In the first half of 2020, Palestine refugees in the occupied Palestinian territory (oPt) continued to suffer the humanitarian and protection consequences of the Israeli occupation, coupled with the public health and socio-economic impacts of COVID-19.
In Gaza, the blockade, which entered its fourteenth year in June 2020, continues to push Palestine refugees into deeper poverty and despair, suppressing employment and economic opportunities and limiting movements of persons and goods.
The unemployment rate stood at 45.5 per cent during the first quarter of 2020,1 one of the highest rates of joblessness worldwide; in such conditions, many Palestine refugees remain dependent on the assistance provided by UNRWA to meet their basic needs. During the reporting period, the security situation was volatile, with recurrent cycles of violence and hostilities and increased tensions around the Israeli announcements of annexation in the West Bank. The situation was further compounded by the outbreak of the COVID-19 pandemic in March, which increased the burden on an already overstretched health system, struggling with chronic shortages of medical supplies and equipment, electricity rationing and a salary crisis affecting medical personnel. Thanks to the strict quarantine measures imposed by the authorities for persons coming into Gaza from Israel and Egypt, the number of COVID-19 cases remained low through to the end of the reporting period and into July and August. However, on 24 August 2020, the first cases of local transmission were reported in Gaza; since then, the number of cases has risen rapidly.
In the West Bank, Palestine refugees continued to experience protection concerns and difficult socio-economic conditions due to the Israeli military occupation. During the first six months of 2020, tensions increased following the launch by the US Government of the “Deal of the Century” and the Israeli announcements of plans to annex parts of the West Bank.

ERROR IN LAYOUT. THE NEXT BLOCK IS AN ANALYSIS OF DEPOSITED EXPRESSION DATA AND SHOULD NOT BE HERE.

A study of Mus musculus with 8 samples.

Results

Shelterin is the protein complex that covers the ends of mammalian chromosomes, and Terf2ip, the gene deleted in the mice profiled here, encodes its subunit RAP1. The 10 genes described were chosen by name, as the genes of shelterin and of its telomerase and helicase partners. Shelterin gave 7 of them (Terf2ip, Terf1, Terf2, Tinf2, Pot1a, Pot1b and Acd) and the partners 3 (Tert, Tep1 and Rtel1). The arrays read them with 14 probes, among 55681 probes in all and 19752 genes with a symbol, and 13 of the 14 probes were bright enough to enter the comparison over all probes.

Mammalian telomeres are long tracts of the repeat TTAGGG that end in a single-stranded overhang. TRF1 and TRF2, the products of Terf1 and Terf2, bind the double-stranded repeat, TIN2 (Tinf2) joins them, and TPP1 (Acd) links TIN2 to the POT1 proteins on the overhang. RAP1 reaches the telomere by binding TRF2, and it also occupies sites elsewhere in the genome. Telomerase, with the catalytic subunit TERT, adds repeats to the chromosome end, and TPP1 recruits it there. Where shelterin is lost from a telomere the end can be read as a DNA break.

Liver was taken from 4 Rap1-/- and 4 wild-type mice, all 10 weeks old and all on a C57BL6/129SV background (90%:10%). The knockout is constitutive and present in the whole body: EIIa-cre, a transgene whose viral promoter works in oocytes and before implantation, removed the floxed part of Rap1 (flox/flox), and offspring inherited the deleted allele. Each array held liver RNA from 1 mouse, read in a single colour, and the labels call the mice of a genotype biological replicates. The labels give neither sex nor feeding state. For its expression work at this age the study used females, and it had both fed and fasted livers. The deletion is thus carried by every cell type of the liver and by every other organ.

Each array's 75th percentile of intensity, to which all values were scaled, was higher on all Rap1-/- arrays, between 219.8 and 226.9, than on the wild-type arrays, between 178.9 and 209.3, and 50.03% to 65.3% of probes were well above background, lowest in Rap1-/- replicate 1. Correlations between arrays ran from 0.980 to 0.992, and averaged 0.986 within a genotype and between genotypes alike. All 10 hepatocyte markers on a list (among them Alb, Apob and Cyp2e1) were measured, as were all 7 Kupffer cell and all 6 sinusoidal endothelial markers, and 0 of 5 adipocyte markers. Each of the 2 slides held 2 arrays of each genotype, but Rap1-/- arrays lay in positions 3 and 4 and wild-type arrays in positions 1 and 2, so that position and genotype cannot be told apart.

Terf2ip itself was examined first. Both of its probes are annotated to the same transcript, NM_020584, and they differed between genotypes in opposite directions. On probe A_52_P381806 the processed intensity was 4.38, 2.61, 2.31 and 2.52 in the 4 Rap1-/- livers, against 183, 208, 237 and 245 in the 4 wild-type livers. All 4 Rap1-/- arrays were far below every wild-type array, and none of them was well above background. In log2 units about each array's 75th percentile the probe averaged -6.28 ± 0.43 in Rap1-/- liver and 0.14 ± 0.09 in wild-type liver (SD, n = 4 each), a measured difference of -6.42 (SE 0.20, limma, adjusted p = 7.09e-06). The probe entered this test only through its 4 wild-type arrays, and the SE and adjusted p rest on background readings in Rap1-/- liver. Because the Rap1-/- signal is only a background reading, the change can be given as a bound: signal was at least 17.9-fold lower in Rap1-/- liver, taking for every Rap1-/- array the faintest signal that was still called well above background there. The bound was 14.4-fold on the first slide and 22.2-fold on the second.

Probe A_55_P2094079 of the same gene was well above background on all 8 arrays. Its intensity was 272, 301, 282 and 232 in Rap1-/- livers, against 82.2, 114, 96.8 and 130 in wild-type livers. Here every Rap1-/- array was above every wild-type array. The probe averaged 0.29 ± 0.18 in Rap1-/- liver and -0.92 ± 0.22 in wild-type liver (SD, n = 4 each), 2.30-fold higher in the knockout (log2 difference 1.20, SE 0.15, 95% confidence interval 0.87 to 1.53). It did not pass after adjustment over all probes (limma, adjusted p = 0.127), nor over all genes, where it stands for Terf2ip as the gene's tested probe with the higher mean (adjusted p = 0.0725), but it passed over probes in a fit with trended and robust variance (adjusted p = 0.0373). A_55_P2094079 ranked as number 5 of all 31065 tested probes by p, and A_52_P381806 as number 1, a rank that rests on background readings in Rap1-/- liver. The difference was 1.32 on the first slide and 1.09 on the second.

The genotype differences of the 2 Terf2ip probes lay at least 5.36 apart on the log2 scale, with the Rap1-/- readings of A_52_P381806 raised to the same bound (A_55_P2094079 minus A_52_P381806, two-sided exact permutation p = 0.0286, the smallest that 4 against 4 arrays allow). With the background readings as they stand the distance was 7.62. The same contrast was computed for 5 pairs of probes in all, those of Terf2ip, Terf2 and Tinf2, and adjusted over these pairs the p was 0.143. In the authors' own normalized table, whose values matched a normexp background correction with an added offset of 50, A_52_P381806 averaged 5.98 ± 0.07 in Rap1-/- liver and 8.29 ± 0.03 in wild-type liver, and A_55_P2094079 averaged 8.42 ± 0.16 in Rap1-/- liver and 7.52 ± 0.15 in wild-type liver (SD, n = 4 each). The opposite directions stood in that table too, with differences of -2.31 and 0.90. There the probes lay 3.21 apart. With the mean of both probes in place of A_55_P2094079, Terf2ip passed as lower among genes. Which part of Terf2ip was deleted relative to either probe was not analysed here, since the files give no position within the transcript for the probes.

Israeli Security Forces (ISF) operations in Palestine refugee camps continued, often involving the use of live ammunition and tear gas, resulting in casualties, property destruction and longer-term psychosocial consequences. Demolition and confiscation of Palestinian home and properties, in particular for communities in Area C, as well as the continued expansion of Israeli settlements, were also a cause for concern.
The already difficult socio-economic conditions faced by Palestine refugees in the West Bank were exacerbated by the impact of the lockdowns and movement restrictions imposed to contain the spread of COVID-19, which resulted in the loss of employment and income opportunities for many families.
A steady increase in COVID-19 cases has been reported in the West Bank since June, putting further strain on the public health system and leading to further deterioration in socioeconomic conditions, with many families in quarantine losing access to their livelihoods.